Once again, Kaitlin Steinberg is eating her way through Houston and counting down her 100 favorite dishes as we work our way toward our annual Menu of Menus® issue and culinary extravaganza. She'll compile a collection of the dishes she thinks are the most delicious, most creative and, of course, most indicative of our ever-changing food scene. It's a list of personal favorites, things she thinks any visitor or Houstonian ought to try at least once and dishes that are uniquely Houstonian.
If there's one dish that best exemplifies Mexican pride, it's probably chiles en nogada. The dish was invented in Puebla to celebrate Mexico's independence day on September 16, and since then it's become a popular dish in the United States as well, in part because it's so unique.
It contains three primary elements representative of the colors of the Mexican flag: Green poblano peppers, red pomegranate seeds and a white walnut sauce. The peppers are traditionally stuffed with picadillo, a mixture of shredded pork with spices and fruit, and the walnut sauce is thickened with heavy cream and queso anejo. It's alternately soothing and decadent and brimming with historical significance.
At Pico's Mex-Mex, the interior Mexican restaurant that recently moved from Bellaire just outside the Loop to Upper Kirby, chef Arnaldo Richards does chiles en nogada tradicionales the right way--with a little spice and a lot of soul.
As the name suggests, the dish is prepared in a very traditional manner. The roasted poblano peppers are cleaned and stuffed with shredded pork shoulder mixed with green olives and mild spices--just enough to give the picadillo a little heat without overwhelming any other flavors.
The rich sauce is made from a mixture of ground walnuts, cream, cheese, sugar and a bit of sherry or vermouth, depending upon the preference of the chef. As the sauce simmers, a bit of the alcohol is cooked off, but the flavor remains, enhancing the mild sweetness of the walnuts.
Then the dish is assembled: Two stuffed peppers, a generous drizzle of sauce and a sprinkling of ruby pomegranate seeds that add a tart crunch when you bite into them. The velvety smooth sauce at first seems incongruous with the savory pork and peppers, but as you combine the elements on your fork, you'll note hints of sweetness in the pork (from apples and pears simmered with the meat) and a hearty, savory aspect in the sauce from the meaty walnuts. From preparation to flavor profile, it's a complicated dish.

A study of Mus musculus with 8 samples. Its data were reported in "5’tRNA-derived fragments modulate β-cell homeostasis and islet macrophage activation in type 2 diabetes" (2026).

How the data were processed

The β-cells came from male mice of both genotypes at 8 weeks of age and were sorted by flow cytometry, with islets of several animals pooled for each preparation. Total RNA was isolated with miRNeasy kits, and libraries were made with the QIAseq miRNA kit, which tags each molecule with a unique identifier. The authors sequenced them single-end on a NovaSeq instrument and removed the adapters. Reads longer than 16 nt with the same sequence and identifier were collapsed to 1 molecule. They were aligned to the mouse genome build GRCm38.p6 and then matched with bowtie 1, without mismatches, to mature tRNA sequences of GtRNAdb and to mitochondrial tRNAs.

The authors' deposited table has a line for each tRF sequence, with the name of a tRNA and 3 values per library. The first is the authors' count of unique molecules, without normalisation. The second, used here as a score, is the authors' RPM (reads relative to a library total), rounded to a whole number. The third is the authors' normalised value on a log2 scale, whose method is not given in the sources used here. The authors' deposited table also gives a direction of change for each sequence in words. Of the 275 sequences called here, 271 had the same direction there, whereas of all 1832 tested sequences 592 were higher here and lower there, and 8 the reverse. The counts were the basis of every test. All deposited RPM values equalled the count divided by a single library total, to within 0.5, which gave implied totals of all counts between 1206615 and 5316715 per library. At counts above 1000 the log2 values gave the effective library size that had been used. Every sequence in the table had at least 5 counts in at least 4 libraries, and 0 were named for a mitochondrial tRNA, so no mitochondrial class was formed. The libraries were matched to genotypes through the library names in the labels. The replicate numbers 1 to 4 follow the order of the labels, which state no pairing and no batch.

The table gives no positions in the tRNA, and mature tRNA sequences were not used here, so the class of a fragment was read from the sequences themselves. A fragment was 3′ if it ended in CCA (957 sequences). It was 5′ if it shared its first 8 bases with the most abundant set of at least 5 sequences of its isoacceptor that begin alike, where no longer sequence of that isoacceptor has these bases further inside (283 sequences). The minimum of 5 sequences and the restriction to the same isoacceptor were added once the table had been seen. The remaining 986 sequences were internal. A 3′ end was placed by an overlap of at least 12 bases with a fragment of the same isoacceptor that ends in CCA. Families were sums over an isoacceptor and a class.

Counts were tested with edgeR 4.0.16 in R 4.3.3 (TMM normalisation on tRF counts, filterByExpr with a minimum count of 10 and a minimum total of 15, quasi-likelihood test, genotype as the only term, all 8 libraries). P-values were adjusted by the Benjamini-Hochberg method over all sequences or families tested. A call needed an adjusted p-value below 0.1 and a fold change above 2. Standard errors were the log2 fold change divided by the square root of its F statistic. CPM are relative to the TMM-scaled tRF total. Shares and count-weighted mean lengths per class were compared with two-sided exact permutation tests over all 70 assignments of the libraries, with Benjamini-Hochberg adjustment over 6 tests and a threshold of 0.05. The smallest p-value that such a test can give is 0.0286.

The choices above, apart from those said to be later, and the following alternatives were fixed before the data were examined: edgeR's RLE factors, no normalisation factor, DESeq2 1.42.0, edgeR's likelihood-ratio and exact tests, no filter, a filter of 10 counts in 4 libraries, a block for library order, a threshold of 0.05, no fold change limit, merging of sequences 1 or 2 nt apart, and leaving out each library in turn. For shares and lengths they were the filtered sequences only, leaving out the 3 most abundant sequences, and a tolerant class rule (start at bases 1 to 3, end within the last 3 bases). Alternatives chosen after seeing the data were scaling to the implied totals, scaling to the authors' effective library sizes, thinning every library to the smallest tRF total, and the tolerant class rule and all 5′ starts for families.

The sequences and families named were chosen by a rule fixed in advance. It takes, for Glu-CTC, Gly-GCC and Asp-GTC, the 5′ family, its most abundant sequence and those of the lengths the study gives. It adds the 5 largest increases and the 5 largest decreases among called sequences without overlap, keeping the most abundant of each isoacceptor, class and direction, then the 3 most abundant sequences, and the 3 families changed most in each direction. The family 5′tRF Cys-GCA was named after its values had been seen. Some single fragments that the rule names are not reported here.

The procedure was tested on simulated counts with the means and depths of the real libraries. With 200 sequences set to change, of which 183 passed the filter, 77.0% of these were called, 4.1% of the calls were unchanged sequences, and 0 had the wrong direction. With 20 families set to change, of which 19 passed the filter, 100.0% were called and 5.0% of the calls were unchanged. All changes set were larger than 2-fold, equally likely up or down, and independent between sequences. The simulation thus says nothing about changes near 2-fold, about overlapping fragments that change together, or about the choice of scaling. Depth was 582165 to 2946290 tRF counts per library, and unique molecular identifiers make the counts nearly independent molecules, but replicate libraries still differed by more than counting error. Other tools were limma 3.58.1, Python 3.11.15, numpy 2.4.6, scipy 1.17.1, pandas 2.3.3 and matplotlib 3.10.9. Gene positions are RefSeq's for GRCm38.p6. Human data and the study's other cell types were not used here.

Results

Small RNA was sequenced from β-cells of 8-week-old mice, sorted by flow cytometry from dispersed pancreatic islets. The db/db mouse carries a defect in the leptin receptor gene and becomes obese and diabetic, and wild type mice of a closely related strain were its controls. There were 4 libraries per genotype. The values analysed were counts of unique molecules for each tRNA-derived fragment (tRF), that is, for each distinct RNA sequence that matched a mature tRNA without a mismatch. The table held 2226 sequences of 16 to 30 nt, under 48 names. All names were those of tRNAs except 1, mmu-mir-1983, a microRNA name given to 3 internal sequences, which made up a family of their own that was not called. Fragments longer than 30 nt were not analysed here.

But the flavor nuances and complexity are only fitting; Getting independence from Spain wasn't easy either.
The list so far: No. 83, Porkobuco at Brooklyn Athletic Club No. 84, Chai Pie at Pondicheri No. 85, Tacos at Taqueria Maya Quiché No. 86, S'mores at 13 Celsius No. 87, Calamari at Lillo & Ella No. 88, Pulled Pork Nachos at Way Good Food Truck No. 89, Garden Sammie at Local Foods No. 90, Barbecued Salmon Salad at Brooks Family BBQ No. 91, Smoked Salmon Waffle at The Waffle Bus No. 92, Chirashi Lunch at Sushi Miyagi No. 93, Finocchiona Sandwich at Siphon Coffee No. 94, Combo Catracho at Mi Bella Honduras Restaurant No. 95, Tamal de Puerco at Andes Cafe No. 96, Cheeseburger at Sparkle's Hamburger Spot No. 97, Mi Quang at Simply Pho No. 98, Helado de Lúcuma at Pollo Bravo No. 99, Fat Fries at Fat Bao No. 100, Fish Bánh Mì at La Baguette
Keep the Houston Press Free... Since we started the Houston Press, it has been defined as the free, independent voice of Houston, and we would like to keep it that way. Offering our readers free access to incisive coverage of local news, food and culture. Producing stories on everything from political scandals to the hottest new bands, with gutsy reporting, stylish writing, and staffers who've won everything from the Society of Professional Journalists' Sigma Delta Chi feature-writing award to the Casey Medal for Meritorious Journalism. But with local journalism's existence under siege and advertising revenue setbacks having a larger impact, it is important now more than ever for us to rally support behind funding our local journalism. You can help by participating in our "I Support" membership program, allowing us to keep covering Houston with no paywalls.